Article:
You thought we were done? Not even close. This edition of Remember This offers a third installment of the history of the fur trade, courtesy the Timmins Museum: National Exhibition Center
Exterior of the landscape of Hudson's bay post at Abitibi from around 1907-1908. Some posts or forts were much bigger than others depending on the site and its popularity. Timmins Museum photo

From the Timmins Museum: National Exhibition Center:

A competition for furs began between the French, The Northwest Company, and the English, Hudson’s Bay Company (HBC).  The competition created a new economy in the north which opened up the region to European settlement. 

The fur trade network had many different jobs and responsibilities. Les coureurs de bois were independent French-Canadian entrepreneurs who trapped fur-bearing animals and traded with the indigenous for European goods. 

Les voyageurs were French-Canadians who traveled by canoe to transport furs from Montreal to the forts and posts scattered across Quebec and Ontario. Women were leaders in their own bands in their own right and were valued trading partners of the HBC.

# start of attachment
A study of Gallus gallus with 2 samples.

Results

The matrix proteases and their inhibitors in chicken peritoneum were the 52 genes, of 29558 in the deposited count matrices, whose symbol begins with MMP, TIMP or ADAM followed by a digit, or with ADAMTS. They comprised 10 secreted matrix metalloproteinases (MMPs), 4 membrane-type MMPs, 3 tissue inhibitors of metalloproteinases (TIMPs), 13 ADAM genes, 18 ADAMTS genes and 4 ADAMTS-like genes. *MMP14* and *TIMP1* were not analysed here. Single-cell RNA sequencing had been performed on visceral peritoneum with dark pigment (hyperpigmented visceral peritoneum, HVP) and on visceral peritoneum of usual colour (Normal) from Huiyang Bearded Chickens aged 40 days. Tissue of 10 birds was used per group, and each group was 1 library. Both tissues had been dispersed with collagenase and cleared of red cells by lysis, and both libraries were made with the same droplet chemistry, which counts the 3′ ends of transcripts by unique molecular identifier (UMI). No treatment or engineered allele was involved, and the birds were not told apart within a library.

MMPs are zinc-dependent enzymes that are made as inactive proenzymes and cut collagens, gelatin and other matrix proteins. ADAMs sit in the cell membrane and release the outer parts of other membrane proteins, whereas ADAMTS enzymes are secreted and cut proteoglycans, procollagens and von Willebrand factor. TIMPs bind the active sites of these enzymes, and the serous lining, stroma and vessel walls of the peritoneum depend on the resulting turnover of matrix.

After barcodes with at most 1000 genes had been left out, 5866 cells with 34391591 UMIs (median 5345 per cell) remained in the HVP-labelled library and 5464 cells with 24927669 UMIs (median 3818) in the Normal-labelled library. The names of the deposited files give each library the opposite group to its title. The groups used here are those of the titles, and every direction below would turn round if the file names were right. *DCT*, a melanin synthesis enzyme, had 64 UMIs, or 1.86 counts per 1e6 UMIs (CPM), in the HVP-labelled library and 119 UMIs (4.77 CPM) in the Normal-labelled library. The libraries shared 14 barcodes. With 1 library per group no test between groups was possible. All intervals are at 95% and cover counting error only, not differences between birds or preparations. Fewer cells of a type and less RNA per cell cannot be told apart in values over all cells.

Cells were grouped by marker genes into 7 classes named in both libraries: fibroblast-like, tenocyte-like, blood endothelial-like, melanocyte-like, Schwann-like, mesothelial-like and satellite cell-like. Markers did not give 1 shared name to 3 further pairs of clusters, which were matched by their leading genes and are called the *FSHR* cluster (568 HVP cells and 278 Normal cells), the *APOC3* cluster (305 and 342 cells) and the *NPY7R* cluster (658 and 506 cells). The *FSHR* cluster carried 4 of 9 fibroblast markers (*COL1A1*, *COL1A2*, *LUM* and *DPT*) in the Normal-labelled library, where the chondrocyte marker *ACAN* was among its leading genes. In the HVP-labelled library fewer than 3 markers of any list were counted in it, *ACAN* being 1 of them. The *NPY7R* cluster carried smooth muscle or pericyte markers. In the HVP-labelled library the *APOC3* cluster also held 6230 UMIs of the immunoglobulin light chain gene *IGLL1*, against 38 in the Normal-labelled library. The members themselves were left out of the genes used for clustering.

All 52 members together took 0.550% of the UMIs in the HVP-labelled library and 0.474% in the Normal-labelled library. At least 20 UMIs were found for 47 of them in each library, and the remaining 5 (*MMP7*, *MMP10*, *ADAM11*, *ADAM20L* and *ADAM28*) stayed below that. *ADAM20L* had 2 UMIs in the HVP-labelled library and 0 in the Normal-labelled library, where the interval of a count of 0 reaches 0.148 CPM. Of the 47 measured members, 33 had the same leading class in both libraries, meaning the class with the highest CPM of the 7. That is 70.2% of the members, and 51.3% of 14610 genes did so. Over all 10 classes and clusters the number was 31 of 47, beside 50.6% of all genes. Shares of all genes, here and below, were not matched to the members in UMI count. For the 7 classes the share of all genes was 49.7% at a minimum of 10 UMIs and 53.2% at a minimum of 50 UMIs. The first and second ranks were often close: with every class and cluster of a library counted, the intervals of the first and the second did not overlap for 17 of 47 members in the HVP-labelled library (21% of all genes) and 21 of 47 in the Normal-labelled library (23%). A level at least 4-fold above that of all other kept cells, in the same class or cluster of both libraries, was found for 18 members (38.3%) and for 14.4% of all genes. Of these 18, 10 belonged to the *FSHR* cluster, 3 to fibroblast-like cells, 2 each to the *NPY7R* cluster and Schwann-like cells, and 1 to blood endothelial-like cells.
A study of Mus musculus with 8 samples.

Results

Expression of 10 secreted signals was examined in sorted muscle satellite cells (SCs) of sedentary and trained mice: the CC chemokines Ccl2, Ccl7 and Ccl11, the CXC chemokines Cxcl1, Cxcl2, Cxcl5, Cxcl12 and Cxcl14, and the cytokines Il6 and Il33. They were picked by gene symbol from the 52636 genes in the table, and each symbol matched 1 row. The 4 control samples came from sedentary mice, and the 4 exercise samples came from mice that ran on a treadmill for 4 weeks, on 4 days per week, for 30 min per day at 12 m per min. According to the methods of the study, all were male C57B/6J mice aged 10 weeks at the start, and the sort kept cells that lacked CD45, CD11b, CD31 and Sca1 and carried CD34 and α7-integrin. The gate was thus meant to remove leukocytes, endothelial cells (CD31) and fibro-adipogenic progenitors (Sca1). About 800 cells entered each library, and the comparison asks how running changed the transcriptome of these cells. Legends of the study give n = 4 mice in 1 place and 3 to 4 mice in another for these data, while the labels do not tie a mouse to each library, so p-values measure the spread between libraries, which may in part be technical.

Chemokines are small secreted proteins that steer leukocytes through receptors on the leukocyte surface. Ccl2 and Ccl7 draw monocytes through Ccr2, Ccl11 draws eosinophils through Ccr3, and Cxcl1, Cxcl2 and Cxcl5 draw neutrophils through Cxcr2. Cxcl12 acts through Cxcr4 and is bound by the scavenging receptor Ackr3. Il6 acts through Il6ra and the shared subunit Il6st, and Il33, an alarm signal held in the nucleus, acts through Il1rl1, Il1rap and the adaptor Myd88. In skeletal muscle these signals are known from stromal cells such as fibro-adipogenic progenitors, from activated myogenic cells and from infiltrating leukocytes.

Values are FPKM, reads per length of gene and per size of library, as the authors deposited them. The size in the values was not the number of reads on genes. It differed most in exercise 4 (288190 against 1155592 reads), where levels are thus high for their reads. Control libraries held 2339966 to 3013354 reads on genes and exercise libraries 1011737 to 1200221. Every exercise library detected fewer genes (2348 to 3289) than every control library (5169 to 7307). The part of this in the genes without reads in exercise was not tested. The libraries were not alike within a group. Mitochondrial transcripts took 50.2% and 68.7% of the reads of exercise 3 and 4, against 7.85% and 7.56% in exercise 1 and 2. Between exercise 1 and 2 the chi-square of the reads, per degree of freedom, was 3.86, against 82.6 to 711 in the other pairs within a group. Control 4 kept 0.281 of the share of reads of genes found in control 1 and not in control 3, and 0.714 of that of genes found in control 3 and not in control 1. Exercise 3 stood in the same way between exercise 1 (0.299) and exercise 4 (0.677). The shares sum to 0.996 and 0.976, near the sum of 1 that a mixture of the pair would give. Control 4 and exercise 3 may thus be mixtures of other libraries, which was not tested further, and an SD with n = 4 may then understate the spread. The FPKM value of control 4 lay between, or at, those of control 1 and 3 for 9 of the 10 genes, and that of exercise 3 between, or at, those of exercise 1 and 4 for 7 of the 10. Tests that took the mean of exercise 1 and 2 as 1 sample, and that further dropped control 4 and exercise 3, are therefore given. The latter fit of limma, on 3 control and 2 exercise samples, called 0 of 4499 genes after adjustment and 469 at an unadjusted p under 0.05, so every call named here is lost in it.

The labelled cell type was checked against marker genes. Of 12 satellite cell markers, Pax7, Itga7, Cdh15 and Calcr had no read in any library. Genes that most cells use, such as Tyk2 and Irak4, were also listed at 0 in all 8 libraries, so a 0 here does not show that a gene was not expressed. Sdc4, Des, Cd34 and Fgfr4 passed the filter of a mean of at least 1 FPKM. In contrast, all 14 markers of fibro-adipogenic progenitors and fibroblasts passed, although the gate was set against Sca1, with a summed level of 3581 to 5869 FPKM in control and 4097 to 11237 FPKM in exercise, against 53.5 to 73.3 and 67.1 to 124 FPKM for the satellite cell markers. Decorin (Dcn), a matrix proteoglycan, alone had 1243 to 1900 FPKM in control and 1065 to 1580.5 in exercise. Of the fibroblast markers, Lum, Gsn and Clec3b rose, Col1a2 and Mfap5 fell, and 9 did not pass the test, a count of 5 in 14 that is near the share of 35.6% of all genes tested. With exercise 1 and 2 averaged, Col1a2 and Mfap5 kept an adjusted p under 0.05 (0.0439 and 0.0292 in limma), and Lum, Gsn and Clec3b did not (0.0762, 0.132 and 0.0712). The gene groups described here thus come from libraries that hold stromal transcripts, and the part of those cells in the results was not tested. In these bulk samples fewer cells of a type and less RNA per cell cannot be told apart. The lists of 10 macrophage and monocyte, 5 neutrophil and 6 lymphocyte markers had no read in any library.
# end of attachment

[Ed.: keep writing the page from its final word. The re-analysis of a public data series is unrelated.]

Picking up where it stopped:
The indigenous people who lived close to the posts were hired as Homeguards. They did odd jobs like provide forest expertise to the European employees. They built canoes, hunted, fished, worked in the potato fields, herded cattle, and acted as voyageurs and guides. 

It was customary to have to Homeguard families at each post where they hunted and crafted household things as well as necessities like snowshoes and canoes. They would also transport goods to and from Moose Factory.

For each service, they were paid in made beaver. A made beaver was the skin from one beaver and was used as a unit of account or form of currency with the HBC. 

Each week, the Timmins Museum: National Exhibition Centre provides TimminsToday readers with a glimpse of the city’s past.

Find out more of what the Timmins Museum has to offer at www.timminsmuseum.ca and look for more Remember This? columns here.